Sunday, 15 December 2019

Santa arrives by steam engine

Santa arrives by steam engine

DOZENS of families attended this year’s Hambleden Valley railway nativity.

The 13th annual play took place on Sunday evening at Somersham station on the Fawley Hill estate, the home of Lady McAlpine.

The traditional nativity play featured more than 40 nchildren from the village and surrounding area performing on the track and station platform built by Lady McAlpine’s late husband Sir William McAlpine in 1960.

Members of the cast were ferried to the stage in several journeys on The Fawley Mountaineer, a 0-3-0 saddle tank steam engine belonging to Sir William, a noted railway enthusiast, who died in March.

On each trip, the engine stopped just before the station and the youngsters walked down the track to a tunnel with a stage made from hay bales.

It then blew a large cloud of steam towards the spectators before reversing.

Rev Stephen Southgate, rector of the Hambleden Valley group of churches, played the stationmaster and narrated the story.

He was accompanied by children dressed as angels and also read prayers at the end.

Mary, who was played by Zara Perisce, arrived on a “donkey” which was in fact a pony from the estate’s Brackenhill Stud. Joseph, played by Woody Hurst, followed.

A star above the stage was lit up after a firework was set off to symbolise the star heralding the birth of Jesus.

Other children dressed as angels, animals, innkeepers, princes, stars and the three wise men as well as shepherds, who descended from the “hills” beside the railway bridge. There were also two real sheep named Vic and Bob owned by the Taylor family.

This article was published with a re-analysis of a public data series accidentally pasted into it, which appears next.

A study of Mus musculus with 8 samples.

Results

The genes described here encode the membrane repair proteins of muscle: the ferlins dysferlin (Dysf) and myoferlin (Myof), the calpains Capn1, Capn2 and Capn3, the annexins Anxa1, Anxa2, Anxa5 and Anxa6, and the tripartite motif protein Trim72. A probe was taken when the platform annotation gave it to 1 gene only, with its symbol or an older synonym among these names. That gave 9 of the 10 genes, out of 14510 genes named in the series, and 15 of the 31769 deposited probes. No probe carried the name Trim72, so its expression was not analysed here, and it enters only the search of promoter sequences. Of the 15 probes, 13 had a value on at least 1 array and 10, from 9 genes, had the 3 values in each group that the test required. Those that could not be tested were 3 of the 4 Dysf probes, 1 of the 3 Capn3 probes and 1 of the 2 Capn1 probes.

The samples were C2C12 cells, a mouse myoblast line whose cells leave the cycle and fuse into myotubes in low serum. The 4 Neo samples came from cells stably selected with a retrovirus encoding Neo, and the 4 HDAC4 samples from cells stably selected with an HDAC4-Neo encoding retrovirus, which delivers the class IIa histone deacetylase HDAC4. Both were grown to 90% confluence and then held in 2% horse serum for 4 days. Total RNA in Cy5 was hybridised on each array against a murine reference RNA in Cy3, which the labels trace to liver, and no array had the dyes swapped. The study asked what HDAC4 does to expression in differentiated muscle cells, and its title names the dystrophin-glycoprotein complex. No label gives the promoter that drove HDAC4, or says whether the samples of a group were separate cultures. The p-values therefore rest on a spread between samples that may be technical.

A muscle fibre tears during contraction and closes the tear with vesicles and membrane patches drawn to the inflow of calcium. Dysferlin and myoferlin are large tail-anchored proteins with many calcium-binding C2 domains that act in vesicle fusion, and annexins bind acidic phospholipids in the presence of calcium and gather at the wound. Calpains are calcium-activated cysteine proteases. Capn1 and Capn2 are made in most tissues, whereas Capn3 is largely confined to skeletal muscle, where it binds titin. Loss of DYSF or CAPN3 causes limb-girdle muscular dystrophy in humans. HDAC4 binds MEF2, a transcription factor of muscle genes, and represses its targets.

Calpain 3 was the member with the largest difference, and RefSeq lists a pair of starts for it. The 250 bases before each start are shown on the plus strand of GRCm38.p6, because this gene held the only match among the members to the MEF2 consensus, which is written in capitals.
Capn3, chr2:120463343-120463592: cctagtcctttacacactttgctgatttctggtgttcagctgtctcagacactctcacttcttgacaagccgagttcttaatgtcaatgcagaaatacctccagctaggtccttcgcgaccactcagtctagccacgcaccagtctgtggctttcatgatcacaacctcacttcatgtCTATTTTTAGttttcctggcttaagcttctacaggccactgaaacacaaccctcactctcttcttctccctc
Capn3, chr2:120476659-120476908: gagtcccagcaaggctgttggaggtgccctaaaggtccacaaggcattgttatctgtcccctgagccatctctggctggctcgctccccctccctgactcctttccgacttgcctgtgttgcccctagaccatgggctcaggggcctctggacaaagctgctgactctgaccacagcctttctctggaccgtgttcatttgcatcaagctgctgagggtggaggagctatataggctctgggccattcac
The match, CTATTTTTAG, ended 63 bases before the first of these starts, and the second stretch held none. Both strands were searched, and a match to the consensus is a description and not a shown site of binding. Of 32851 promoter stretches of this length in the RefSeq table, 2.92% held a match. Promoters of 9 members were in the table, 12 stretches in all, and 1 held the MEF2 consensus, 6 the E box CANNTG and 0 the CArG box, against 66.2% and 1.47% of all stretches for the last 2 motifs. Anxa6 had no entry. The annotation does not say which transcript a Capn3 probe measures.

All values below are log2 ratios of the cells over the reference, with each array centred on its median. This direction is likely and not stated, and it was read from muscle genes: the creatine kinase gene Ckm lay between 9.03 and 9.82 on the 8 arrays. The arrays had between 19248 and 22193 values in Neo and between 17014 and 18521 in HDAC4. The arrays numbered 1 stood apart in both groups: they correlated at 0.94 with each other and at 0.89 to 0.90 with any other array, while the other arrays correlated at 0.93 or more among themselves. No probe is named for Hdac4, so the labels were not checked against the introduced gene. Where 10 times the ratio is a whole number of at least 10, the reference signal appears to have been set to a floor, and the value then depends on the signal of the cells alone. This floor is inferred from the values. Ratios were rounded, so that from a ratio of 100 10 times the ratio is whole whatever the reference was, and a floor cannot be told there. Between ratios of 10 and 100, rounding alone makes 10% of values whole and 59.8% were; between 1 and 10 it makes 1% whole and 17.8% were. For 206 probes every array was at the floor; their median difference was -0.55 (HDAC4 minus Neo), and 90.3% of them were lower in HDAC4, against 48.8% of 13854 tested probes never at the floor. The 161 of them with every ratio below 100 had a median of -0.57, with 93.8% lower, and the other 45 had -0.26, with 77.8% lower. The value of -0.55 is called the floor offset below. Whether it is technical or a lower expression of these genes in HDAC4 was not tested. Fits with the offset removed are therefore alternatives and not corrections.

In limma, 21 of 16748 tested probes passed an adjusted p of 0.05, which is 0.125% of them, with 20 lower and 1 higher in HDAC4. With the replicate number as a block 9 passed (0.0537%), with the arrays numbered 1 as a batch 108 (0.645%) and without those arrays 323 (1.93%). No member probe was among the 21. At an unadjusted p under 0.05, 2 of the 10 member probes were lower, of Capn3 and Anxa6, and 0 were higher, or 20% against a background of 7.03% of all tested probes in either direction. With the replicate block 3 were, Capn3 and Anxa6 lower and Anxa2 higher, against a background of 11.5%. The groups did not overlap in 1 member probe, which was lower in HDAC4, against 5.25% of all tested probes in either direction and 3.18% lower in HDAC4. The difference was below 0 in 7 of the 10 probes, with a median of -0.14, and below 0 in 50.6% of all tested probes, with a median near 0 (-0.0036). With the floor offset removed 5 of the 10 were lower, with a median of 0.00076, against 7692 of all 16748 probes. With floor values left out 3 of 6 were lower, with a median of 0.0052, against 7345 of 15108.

The crowd of spectators on the station platform sang carols including O Little Town of Bethlehem, Silent Night, While Shepherds Watched Their Flocks, Away in a Manger, We Three Kings, O Come All Ye Faithful and Little Donkey.

They were accompanied by pianist Suzannah Freer and guitarist Graham Wheeler, from the church group’s band. After the play, the children enjoyed a visit by Father Christmas (bearing an uncanny resemblance to illustrator Gray Jolliffe) who disembarked from the train alongside Lady McAlpine.

She loaded a wooden cart with bags of presents and pulled it up to the stage behind Santa as a snow machine was set off.

The pair then sat on the bales as children crowded around to collect their gifts and the adults sang Jingle Bells, We Wish You A Merry Christmas and Ding Dong Merrily On High.

Spectators then stood chatting while enjoying mince pies and hot drinks. Collections were taken in aid of the church group and the Railway Children charity, which supports street children both in Britain and abroad.

The play was first held in 2004 and has taken place most years since but was called off last year due to safety concerns over ice on the roads.

Lady McAlpine said this year it was “bigger and battier than ever” despite a slight reduction in visitor numbers and takings.

Rev Southgate said: “This was my second railway nativity as last year’s was snowed off and I was very happy to be back to celebrate Christmas with families from all over the area.

“It went really well and once again offered the estate’s customary eccentric fun. I can’t imagine there’s anything like it anywhere else. It is a great delight for all ages.”